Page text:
Texas led the nation in the number of children who died as a result of being left alone in a hot car in 2011.
The sad thing is these cases are completely preventable.
A 7-month-old Sugar Land boy died after his father left him in the back seat of his truck. That day in May, the temperatures only reached 89 degrees.
Estella Olguin with Child Protective Services said, "Sometimes when we go to work, we go into autopilot. You don't even know how you made it into work. You just did, so it's easy to overlook a sleeping infant."
The Houston Fire Department has teamed up with State Farm Insurance to launch a new safety campaign called "Look Before You Lock."
Drivers will start noticing billboards around the city reminding caregivers to never forget a child in a car.
Houston Fire Chief Terry Garrison said, "More than 50 percent of these children were just forgotten by their caregiver. This is why we're absolutely stressing 'Look Before You Lock.'"
Even on a mild day with the windows cracked, the interior of a car can heat up to 120 degrees.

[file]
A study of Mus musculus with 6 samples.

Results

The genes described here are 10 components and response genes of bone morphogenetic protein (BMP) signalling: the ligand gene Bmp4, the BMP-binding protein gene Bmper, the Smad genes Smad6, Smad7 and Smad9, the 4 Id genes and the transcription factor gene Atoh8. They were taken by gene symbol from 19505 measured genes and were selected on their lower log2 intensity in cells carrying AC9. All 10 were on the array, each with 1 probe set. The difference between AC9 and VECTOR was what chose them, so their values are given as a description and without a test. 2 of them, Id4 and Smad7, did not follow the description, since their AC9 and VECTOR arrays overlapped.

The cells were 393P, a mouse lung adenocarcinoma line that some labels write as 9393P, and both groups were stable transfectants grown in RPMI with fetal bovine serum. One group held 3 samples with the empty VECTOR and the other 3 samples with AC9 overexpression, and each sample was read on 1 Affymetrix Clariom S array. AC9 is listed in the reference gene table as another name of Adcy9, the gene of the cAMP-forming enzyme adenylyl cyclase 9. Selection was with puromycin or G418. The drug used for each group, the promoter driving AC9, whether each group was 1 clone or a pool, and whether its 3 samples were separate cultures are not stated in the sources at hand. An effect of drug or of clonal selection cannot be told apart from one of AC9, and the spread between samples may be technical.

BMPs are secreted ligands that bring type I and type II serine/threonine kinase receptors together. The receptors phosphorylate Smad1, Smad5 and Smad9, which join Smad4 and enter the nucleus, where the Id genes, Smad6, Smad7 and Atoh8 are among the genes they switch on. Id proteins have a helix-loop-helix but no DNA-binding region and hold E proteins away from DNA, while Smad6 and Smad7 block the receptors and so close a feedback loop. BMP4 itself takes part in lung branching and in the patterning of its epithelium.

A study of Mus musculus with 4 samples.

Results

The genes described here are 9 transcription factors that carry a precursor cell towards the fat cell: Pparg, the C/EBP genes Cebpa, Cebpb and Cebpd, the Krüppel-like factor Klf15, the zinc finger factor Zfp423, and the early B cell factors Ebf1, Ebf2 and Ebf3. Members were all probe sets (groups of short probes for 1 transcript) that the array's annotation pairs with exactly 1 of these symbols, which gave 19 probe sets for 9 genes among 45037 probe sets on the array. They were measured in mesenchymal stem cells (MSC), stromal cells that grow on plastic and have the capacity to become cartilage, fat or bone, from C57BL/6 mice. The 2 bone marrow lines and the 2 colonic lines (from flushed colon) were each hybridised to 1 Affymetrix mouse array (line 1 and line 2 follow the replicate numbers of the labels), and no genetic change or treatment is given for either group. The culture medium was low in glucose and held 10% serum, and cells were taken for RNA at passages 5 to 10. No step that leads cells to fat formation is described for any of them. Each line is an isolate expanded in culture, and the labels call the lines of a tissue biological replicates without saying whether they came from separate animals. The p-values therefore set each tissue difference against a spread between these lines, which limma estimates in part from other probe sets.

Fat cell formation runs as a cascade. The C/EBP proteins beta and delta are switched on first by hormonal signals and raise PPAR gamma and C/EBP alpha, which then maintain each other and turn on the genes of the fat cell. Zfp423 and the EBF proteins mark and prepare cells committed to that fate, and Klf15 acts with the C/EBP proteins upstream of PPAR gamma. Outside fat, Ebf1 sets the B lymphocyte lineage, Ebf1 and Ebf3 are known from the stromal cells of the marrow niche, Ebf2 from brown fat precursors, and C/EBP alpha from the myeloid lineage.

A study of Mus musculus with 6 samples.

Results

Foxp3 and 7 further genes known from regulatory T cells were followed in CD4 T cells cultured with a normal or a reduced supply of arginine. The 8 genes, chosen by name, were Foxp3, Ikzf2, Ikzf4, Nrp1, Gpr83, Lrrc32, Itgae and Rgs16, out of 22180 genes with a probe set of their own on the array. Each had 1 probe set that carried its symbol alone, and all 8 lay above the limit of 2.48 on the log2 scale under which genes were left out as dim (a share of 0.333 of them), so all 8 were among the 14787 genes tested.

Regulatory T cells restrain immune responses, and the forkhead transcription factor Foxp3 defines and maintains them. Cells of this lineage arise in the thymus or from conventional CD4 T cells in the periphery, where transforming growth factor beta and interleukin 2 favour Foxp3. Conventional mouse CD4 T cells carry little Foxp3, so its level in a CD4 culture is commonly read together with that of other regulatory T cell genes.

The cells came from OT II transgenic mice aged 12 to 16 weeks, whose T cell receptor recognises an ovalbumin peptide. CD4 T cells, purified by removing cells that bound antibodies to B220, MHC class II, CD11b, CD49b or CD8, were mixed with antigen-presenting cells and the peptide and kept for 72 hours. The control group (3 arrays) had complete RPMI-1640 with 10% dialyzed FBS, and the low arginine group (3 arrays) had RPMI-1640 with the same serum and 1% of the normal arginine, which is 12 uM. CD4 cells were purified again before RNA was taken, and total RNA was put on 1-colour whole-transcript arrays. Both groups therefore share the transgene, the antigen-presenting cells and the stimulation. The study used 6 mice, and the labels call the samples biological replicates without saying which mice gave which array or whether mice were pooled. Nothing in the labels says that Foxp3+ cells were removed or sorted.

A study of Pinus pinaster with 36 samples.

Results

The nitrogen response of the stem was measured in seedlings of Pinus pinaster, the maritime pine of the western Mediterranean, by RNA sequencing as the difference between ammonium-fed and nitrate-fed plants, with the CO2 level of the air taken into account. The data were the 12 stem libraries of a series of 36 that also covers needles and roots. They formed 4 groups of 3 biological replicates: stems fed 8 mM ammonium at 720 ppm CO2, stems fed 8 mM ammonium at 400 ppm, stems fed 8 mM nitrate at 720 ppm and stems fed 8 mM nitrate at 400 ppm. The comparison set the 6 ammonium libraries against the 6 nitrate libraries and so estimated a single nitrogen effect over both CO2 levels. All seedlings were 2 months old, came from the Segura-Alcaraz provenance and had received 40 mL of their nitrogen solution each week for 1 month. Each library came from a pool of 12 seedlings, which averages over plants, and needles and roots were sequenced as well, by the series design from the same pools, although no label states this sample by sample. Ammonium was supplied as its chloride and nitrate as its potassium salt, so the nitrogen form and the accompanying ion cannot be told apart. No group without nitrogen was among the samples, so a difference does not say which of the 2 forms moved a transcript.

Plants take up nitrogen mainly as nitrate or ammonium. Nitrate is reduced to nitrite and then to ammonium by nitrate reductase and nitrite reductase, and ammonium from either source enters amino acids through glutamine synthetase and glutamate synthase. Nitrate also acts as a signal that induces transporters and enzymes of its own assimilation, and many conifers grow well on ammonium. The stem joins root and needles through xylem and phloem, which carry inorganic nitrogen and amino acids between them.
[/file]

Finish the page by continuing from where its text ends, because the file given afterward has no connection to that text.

Public Safety Committee Chair Ed Gonzalez said, "The clock is ticking in a very hot vehicle, so time is of the essence."
Children are far more sensitive to heat.
Dr. David Persse with the city of Houston Health Authority explained, "When the body temperature rises above 107 degrees, that's when we believe the brain cells begin to die, and that can happen very rapidly in a car. You need to think of (it) as an oven in the hot sun in Texas with no air conditioning going on."
While many of these incidents of hyperthermia are accidental, there are cases where kids are left in cars while a parent or sitter runs an errand.
Houston Police Chief Charles McClelland said, "It's actually a class C misdemeanor if you leave a child in a vehicle, even if nothing's going on. If that child is under the age of 7, even if the window is down on that vehicle, you can be cited."
McClelland added that charges can also include child endangerment, child abandonment, injury to a child or worse.
While it's usually cases of kids dying in hot cars that make the news, every day calls come into CPS about kids being left alone in cars. Children have become victims of carjackings, they've put cars into gear and even been strangled while playing with car windows and doors.
One idea to help you remember to "Look Before You Lock" is to leave your purse, briefcase or lunch in the back seat.
You can also set your cellphone alarm to reminder you once you get to work that you dropped the child off.
Also, have the day care or school call you immediately if the child has not arrived for the day.